HARTFORD -- People with chronic diseases would be allowed to grow as many as four marijuana plants for their personal use under legislation that won easy approval Tuesday in the General Assembly's Judiciary Committee.

Based on other laws enacted throughout the nation, patients would have to be diagnosed with debilitating conditions, obtain certificates from their doctors and register with the state Department of Consumer Protection for a $25 fee.

The proposal sparked an hour-long committee debate in which an amendment submitted by minority Republicans that would shift the cultivation of marijuana to the University of Connecticut and its distribution to state pharmacies, was defeated 27-10.

"The reality is this bill could become law this year," said state Sen. John A. Kissel, R-Enfield, who introduced the amendment, then voted in favor of the overall legislation. "My constituents have told me loud and clear, if you're going to go in this direction, learn from the mistakes of other states and create the best possible construct you can," he said.

Allowing patients and their caregivers to grow marijuana in their homes seems "impractical," and could put them in danger from thieves seeking their crops, he said.

"The University of Connecticut is renowned for its School of Agriculture and the notion that they could create greenhouses and grow this under lock and key, I think, is completely plausible," Kissel said.

State Rep. Gerald M. Fox III, D-Stamford, co-chairman of the committee, said the bill is worded identically to 2007 legislation that won approval in the House and Senate but was vetoed by Gov. M. Jodi Rell.

The bill, which goes on to other committees before eventual debates in the House and Senate, is part of Gov. Dannel P. Malloy's budget package and he would be expected to sign the bill. It would allow patients to use their certificates as a means to prevent criminal charges in state courts.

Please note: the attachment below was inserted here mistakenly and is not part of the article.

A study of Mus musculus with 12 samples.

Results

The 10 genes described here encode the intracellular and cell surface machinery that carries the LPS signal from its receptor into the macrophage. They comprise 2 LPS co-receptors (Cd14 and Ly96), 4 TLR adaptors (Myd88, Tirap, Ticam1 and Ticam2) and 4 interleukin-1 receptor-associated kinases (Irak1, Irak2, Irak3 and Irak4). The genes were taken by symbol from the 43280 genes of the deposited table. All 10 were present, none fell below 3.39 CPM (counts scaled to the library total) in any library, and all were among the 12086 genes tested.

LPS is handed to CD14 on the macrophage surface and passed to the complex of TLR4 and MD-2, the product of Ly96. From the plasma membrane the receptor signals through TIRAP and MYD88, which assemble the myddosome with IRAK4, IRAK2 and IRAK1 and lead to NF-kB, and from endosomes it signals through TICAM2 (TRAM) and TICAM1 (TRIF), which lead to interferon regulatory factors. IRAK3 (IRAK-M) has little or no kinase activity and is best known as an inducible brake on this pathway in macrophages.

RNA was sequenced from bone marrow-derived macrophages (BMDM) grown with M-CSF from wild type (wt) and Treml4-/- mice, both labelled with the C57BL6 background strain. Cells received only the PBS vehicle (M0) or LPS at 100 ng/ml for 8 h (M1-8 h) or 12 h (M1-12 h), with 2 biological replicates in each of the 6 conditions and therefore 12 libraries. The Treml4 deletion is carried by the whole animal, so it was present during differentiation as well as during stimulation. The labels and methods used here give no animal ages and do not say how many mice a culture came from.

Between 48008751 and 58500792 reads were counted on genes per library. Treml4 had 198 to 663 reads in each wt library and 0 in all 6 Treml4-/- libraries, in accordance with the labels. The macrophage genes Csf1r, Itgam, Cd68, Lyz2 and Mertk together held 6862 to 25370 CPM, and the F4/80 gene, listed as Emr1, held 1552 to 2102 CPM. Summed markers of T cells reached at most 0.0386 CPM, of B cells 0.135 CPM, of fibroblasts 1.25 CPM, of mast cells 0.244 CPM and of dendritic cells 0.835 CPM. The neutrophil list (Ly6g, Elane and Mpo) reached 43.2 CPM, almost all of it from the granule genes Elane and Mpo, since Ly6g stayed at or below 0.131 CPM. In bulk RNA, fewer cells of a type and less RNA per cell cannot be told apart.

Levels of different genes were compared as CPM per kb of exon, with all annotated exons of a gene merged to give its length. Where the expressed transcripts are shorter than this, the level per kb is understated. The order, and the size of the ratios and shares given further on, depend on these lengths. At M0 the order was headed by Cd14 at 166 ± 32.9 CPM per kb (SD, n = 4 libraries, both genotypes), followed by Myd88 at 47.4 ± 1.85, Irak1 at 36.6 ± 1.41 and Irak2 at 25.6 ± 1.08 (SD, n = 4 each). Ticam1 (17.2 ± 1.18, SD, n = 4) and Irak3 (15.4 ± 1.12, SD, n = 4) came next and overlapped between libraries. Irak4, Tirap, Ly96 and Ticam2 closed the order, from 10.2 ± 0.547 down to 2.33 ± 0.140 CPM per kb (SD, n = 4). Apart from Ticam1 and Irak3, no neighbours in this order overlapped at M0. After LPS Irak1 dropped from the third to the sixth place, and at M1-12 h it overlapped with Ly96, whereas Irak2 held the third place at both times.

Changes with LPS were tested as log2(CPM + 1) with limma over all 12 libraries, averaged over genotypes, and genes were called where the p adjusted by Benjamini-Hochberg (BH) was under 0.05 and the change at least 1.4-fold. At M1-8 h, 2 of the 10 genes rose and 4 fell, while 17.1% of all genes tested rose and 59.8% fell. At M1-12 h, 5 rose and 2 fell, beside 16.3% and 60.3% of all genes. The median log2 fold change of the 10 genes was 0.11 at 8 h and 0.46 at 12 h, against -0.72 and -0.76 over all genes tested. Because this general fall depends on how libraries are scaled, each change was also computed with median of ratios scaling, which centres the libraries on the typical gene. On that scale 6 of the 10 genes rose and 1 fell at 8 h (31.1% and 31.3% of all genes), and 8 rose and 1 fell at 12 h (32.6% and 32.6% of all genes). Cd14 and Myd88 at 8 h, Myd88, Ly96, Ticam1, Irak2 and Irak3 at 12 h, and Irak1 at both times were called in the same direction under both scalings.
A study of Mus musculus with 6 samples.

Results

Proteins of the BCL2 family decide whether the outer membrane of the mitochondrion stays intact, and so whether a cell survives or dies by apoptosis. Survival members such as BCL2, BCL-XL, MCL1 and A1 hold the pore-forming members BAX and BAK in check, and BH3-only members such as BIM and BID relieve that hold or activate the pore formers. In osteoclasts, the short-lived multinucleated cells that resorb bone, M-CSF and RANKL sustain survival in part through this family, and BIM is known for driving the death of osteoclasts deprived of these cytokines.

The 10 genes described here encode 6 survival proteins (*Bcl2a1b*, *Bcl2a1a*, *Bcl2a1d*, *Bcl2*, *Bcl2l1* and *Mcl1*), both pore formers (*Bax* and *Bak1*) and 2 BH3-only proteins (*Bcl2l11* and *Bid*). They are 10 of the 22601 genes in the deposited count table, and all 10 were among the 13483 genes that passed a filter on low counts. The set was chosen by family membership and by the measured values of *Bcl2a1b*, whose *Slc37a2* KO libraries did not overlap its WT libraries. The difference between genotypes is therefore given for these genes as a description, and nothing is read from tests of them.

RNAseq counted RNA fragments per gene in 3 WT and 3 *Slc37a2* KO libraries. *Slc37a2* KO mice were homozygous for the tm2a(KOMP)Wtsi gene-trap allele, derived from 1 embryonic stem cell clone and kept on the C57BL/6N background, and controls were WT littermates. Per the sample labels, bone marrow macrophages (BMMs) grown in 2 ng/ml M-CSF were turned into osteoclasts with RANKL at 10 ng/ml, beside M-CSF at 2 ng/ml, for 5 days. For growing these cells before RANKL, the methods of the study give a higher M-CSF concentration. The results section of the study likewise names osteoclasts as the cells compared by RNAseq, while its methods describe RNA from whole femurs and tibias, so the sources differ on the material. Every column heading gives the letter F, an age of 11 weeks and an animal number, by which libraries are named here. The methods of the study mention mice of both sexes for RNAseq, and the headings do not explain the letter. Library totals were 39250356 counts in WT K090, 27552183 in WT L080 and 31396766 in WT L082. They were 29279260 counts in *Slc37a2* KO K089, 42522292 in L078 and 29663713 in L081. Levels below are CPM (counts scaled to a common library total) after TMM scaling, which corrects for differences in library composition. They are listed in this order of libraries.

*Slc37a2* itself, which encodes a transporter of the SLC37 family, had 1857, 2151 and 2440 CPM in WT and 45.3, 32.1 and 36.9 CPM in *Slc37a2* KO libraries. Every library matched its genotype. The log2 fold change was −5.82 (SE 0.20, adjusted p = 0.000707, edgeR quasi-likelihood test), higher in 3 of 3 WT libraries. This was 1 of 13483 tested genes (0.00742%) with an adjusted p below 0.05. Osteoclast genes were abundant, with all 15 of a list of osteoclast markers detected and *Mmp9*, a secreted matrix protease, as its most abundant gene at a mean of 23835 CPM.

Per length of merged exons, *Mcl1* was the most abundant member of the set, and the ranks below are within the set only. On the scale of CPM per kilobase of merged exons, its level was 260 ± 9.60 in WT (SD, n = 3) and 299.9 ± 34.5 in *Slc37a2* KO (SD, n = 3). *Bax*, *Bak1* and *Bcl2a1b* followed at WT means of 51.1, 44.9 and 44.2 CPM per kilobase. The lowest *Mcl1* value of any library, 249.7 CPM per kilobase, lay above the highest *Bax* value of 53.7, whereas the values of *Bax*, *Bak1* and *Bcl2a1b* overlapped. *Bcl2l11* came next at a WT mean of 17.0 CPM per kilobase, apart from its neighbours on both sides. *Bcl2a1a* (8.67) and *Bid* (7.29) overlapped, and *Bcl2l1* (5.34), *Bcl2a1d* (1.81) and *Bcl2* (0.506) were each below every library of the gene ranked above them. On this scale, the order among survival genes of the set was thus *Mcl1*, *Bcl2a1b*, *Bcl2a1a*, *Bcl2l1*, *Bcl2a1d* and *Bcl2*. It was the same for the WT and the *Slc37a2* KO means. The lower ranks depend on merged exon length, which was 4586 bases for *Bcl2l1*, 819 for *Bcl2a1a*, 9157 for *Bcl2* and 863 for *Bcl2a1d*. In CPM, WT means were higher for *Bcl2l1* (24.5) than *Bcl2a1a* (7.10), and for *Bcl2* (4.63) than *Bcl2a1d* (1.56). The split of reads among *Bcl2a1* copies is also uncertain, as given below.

State Sen. Michael McLachlan, R-Danbury, a committee member who opposed the bill, said he has a difficult time accepting arguments for the legislation. "I wish that our Legislature would go along with the whole theory of the medical community dealing with their patients in such a way that they have now found pharmaceuticals that are reasonably close to what the effects of marijuana do for their patients," McLachlan said.

"I just don't think state government should be involved in trying to regulate or allow illicit activities that in another environment are very negative and yet in this one remote area, although it's a good idea for the patient in their mind, I don't think that state government should be participating in this kind of regulation," he said.

State Rep. John W. Hetherington, R-New Canaan, ranking member of the committee, said that he would like to make every useful drug available to those in need.

"To the extent marijuana is that, we ought to find a way to make it available to those people who it will help," Hetherington said. "The fact of the matter is, though, it is contrary to federal law. Doctors writing prescriptions are subject at least to having their licenses revoked. I think that we are asking people to undertake at great risk, legally, by participating in this program. Lastly, what kind of message are we sending? We don't like the federal law, so we're going to simply disregard it."

State Rep. Arthur J. O'Neill, R-Southbury, warned that the state would be ignoring federal laws against marijuana and that states that have approved the medicinal use of the drug have seen an increase in its general use.

"Everyone I have talked to that effectively the people who are consuming medical marijuana, so-called, in California include a huge number of people who are, in fact, are really taking advantage of a loophole in the law to get around the entirety of the marijuana-control regime," said O'Neill, who voted against the bill.

State Sen. Eric D. Coleman, D-Bloomfield, co-chairman of the committee, said that the federal Justice Department and President Barack Obama have announced that such violations are not a law-enforcement priority.